Is This A Job For A Plumbing Contractor?

When you are planning on having plumbing work done, you may find yourself considering whether to hire a plumber or a plumbing contractor. You are probably more familiar with a plumber. When you have a plumbing emergency, this is who you call. He or she arrives and handles the situation quickly and effectively whether it is a leaky faucet or a clogged drain pipe.

Yet when it comes to the second term “plumbing contractor” people are less aware of it. It is not as well-known. What is a plumbing contractor? What does he or she do? When should you call on his or her services?

What Is a Plumbing Contractor?

A plumbing contractor is an individual who has been trained as a plumber but is able to take on more extensive work. His or her training provides the individual with the capability to take on a major role in the plumbing and heating business. A plumbing contractor starts off as an apprentice before advancing to the stage of journeyman. After sufficient time and on-the-job training, the likely candidates can then become either a master plumber or a plumbing contractor.

As a plumber, the individual must obtain a plumbing license. As a contractor, a plumbing contractor must obtain a contractor’s license. This involves paying an application fee in all American states and being successful in the passing of an exam. The exam focuses on various aspects of the plumbing/contracting business including law, building codes and general business regulations. Upon successful completion, this will qualify him or her to work in this profession either for a company, or for his/her own company.

As a result of their training, plumbing contractors often consult with building contractors. They are in contact with home builders particularly at the initial stages of the development of a plan for the home or other structures. It is their expertise that helps home contractors decide where to place the plumbing and what types to install.

What Does a Plumbing Contractor Do?

A plumbing contractor often owns his or her own plumbing system. He is able to hire plumbers and subcontract out work. While their work is often residential, plumbing contractors are more frequently involved in

* New Builds
* Commercial building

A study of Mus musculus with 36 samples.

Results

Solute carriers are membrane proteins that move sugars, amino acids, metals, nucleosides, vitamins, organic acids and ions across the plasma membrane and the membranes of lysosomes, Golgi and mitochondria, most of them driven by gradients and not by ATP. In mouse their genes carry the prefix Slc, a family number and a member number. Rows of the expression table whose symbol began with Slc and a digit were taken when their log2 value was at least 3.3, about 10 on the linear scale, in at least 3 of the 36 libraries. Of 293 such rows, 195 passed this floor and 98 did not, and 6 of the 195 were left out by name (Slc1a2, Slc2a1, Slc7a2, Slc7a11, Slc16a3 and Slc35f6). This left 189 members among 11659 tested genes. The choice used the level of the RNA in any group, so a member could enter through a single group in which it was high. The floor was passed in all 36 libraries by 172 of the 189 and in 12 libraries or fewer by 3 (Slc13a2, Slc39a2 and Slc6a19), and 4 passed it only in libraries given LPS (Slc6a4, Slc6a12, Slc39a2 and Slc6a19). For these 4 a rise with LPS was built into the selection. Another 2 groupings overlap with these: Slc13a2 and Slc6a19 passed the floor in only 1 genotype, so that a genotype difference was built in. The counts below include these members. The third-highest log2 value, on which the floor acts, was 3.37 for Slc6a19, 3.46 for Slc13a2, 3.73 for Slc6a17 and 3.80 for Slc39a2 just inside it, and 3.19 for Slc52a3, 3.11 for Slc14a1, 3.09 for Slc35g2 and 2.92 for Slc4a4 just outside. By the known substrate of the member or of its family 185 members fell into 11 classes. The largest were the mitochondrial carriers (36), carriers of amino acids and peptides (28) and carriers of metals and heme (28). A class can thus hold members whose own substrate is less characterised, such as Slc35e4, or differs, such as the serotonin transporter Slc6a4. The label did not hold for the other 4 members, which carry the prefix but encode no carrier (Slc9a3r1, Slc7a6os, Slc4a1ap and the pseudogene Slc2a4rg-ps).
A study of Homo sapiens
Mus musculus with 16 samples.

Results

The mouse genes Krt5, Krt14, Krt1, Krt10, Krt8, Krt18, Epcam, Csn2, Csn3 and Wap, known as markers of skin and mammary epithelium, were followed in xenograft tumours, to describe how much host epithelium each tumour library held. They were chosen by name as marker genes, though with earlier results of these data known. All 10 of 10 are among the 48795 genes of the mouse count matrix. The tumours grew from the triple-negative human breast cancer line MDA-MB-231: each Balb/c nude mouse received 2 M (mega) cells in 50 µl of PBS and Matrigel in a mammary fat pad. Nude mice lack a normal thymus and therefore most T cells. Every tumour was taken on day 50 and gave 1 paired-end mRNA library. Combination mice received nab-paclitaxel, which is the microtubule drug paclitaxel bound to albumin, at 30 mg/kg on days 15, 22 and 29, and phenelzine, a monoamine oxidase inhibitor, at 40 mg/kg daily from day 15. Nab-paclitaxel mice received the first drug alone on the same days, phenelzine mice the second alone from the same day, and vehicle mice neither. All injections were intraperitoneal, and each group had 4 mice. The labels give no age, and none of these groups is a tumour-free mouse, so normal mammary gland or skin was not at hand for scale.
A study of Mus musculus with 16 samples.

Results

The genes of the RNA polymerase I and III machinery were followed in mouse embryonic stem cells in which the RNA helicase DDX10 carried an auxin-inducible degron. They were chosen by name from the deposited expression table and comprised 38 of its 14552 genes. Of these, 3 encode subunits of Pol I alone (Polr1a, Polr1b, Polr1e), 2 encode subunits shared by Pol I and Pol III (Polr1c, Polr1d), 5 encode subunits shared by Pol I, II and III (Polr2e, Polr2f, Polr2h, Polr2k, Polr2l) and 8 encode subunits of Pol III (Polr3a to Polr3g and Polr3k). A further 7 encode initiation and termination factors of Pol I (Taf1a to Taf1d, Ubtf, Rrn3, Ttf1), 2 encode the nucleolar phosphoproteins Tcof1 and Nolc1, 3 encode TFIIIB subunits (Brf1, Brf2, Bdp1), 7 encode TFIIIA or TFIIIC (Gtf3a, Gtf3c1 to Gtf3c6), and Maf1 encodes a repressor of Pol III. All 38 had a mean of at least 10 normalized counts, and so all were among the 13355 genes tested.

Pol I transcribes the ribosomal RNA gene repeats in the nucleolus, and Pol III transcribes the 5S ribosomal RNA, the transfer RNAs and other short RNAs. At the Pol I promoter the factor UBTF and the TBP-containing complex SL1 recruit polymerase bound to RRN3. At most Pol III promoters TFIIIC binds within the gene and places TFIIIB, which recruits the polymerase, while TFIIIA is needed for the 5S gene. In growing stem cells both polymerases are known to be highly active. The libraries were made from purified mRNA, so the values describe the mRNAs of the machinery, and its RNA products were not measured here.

* Remodeling
* Renovations
* Schools

In general, this type of plumber are more likely to address the more complex issues of a plumbing system. A plumbing contractor is hired to:

* Build and/or upgrade a septic system
* Install the water supply system
* Install various types of gas connections and flues
* Install and repair the different types of water heaters
* Repair various types of appliances and equipment including water softeners and conditioners as well as dishwashers

In addition, as noted above, a plumbing contractor is often among the first tradespeople a building contractor will contact. The builder needs to have a plumbing contractor on board to help assist in the placement of the various elements of the plumbing system. Plumbing contractors are also often responsible for hiring the crew to actually install the plumbing in new-builds. It is then left to the plumbing contractors to “sign-off” on the final inspection of the newly installed system.

Why Choose a Plumbing Contractor?

A plumbing contractor can do everything a plumber does. Yet, hiring one can be more expensive. It is best to call on his or her expertise when you are planning a new build, major renovation or a remodeling. In this way, you can manage your money, obtain the work of a professional and ensure as much as possible that the plumbing system once installed or updated, is going to be performing to the best of its capabilities.

Are you planning to build, renovate or remodel? Do you need to install some complex plumbing systems? If you are, talk to the professional plumbing contractor at Apex Plumbing & Sewer in Chicago. We have been taking care of all the community’s plumbing needs – large or small since 1983. To learn more about our company and its services, visit us online at http://www.apexplumbingchicago.com/.